Sarkozy urges China to fix surpluses

Discussion in 'Wall St. News' started by bluud, Oct 19, 2007.

  1. bluud


    Why is everyone fucking whining, is he pissed his wife is leaving his gay ass?

    LISBON, Portugal

    French President Nicolas Sarkozy urged China on Friday to curb massive financial and trade surpluses.

    Speaking after a two-day EU summit and as a meeting of G-7 officials kicks off in Washington, he said there was no consensus that the euro -- which has soared against the dollar -- "is overvalued. But everyone agrees some other currencies are undervalued," he added, referring to the Chinese currency.

    Sarkozy's comment echoed the EU view that China -- a country with a vast and growing current account surplus -- must allow the yuan to trade more freely.

    "Great nations have rights," said Sarkozy. "But they also have duties."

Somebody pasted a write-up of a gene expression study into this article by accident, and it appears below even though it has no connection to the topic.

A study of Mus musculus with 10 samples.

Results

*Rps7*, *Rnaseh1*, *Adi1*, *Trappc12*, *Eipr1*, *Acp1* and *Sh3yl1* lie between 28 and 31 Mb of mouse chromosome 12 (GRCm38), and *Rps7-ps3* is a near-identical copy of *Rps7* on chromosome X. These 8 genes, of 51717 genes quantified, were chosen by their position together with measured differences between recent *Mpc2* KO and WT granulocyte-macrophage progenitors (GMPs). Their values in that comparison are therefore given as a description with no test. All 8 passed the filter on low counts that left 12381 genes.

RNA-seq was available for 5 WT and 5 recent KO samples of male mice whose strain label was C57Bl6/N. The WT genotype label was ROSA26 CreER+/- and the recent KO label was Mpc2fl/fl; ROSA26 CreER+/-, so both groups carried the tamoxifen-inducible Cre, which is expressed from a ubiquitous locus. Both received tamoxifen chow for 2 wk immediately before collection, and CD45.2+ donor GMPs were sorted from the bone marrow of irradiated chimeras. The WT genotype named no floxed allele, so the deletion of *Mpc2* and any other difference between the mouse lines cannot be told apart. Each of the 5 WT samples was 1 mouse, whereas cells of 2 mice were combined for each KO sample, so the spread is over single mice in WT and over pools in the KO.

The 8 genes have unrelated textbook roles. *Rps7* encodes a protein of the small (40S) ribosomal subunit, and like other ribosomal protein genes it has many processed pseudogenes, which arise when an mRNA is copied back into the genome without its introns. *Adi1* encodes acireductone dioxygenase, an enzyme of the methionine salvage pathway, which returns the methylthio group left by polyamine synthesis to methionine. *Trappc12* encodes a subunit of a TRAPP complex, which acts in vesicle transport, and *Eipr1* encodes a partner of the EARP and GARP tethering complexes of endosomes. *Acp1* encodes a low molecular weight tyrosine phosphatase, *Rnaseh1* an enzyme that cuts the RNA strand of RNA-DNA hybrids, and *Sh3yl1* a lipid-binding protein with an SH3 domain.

The euro traded at $1.43 on Friday, well over the "pain threshold" of $1.40 identified by EU business leaders. A strong euro make European exports -- from French wines to Italian fashion to cashmere sweaters -- pricey in the United States, the continent's main export market.

    Some EU governments feel a strong euro reflects a strong European economy, able to ride out problems. France has not been among them.

    This month the euro zone finance ministers called on China to reduce its massive trade and current account surpluses. Critics say China keeps the yuan undervalued, giving its exporters an unfair price advantage and adding to its growing trade surplus.

    Officials from the Group of Seven -- United States, Japan, Germany, France, Britain, Italy and Canada -- are meeting in Washington. Turbulence in global financial markets is expected to be the top item on their agenda.